Playing Test cricket is the ultimate for every cricketer. As the name suggests, it is the greatest test of a player’s temperament, technique, powers of endurance. Unlike men, women do not play Test cricket too often. In fact, only three women’s Test matches have taken place over the last six years – all between England and Australia. Outside these two nations, India and South Africa played a Test back in 2014, and there are several countries who have played only one Test in their history.
To date, only 12 players have notched up centuries on their Test debut. Sri Lanka’s Chamani Senevirathne is one of the lucky few. In this week’s rewind section, Women’s CricZone travels back to the late nineties when the lower-middle order batter not only flourished with the bat, but also exploited the conditions with the ball taking a fifer. She is the only woman to have the distinction of scoring a hundred and taking a five-wicket haul on Test debut.
April 17, 1998. The stage was set at the Colts Cricket Ground in Colombo as both Sri Lanka and Pakistan were making their international Test debuts. “It was long back, some 15 years ago I think. I fondly remember that match,” Senevirathne, who now stays in Dubai and turns out for UAE national side, told Women’s CricZone over a video call.
In 1998, Chamani Seneviratne became the first and so far only woman to both score a century & take 5-fer on Test debut.
In Feb this year, Seneviratne became the oldest bowler (40y 97d) to take 5-fer in a women’s international (Test, ODI or T20I) innings. https://t.co/87KG7bJx6S
— hypocaust (@_hypocaust) November 14, 2019
Batting first, the hosts didn’t have the start they would have wanted being reduced to 56 for 2. Although Vanessa Bowen held up one end, wickets continued to tumble at the other end. However, it was Senevirathne’s gritty 43 and Rose Fernando’s 44 that propelled the Lankans passed the 300-run mark. They finally declared their innings at 305 for 9 with Bowen top-scoring with 78.
In reply, Pakistan were troubled by Senevirathne’s medium-pace. After Rasanjali Chandima Silva provided the breakthrough dismissing Nazia Nazir for a duck, Senevirathne picked up the next three to rattle the opposition middle-order. She then picked another two towards the end to bowl out Pakistan for paltry 171.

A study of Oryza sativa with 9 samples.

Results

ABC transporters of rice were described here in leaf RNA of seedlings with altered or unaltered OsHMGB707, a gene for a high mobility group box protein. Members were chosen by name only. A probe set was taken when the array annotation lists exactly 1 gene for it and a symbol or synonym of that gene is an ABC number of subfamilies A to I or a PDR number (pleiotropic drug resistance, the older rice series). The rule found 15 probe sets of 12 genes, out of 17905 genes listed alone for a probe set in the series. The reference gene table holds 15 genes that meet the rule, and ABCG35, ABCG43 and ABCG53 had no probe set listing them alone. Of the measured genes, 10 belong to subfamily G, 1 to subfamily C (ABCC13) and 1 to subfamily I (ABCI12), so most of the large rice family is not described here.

“I also took seven wickets in that very match including a fifer in the first innings. It was one of the memorable matches of my life,” recalled the 41-year-old. With a 131-run first-innings lead, the Lankans didn’t have a good start, losing half of the side quickly. For a then 20-year-old, the circumstances weren’t ideal, having to make her own way in a difficult situation. However, Senevirathne showed great maturity, calmly aiding Bowen as they saved the team from a tricky spot.
“I was very young then. After I scored 43 in the first innings, I was confident when I went to bat in the second and scored a century,” said Senevirathne. “It was a very interesting innings. Since I was not that mature the seniors guided me. Bowen asked me to play my normal game and not panic.”
“Pakistan had a very good side. They had some very good players, but we were also a decent team with some brilliant and talented players in our ranks.” Although there are no visuals of that encounter, it is understood the kind of innings that Seneviratna played made many stand up and notice. The right-hander carried her bat till the last with 105 not out etched next to her name as Sri Lanka declared their innings at 285 for 6.
Set a winning target of 416, Pakistan crumbled under pressure and were bowled out for 100. Her 105 not out is also the highest Test score made by any woman cricketer batting at No. 8 or lower in women’s Test history. It is also believed to be the fastest Test ton in women’s cricket, though the absence of the number of balls faced makes it tough to assert the fact.
Incidentally, since that encounter, Sri Lanka never played Test cricket while Pakistan turned up only twice after that against Ireland (2000) and West Indies (2004). “Nobody was there to push for us to play Test cricket,” said Senevirathne when asked why Sri Lanka were never seen at the international arena playing in whites.
“We initially didn’t get any facilities of that sort. It was in 2008 when women’s cricket was taken under Sri Lanka Cricket. Former World Cup-winning skipper Arjuna Ranatunga was the board chairman then and he brought in all the facilities and infrastructure for us and step by step we improved,” added Senevirathne who played for Sri Lanka from 1997 to 2014.
After her retirement from Sri Lanka, Senevirathne moved to UAE in 2015. That year she worked on her fitness and the injury she was carrying previously and made her debut in domestic cricket the following year. In May 2018, she was named in the UAE squad for the 2018 ICC Women’s World T20 Qualifier tournament and made her debut against the Netherlands. A year later, in an ICC Women’s Qualifier Asia match against Kuwait, Senevirathne took her first five-wicket haul in T20Is.
You can read more rewind stories here.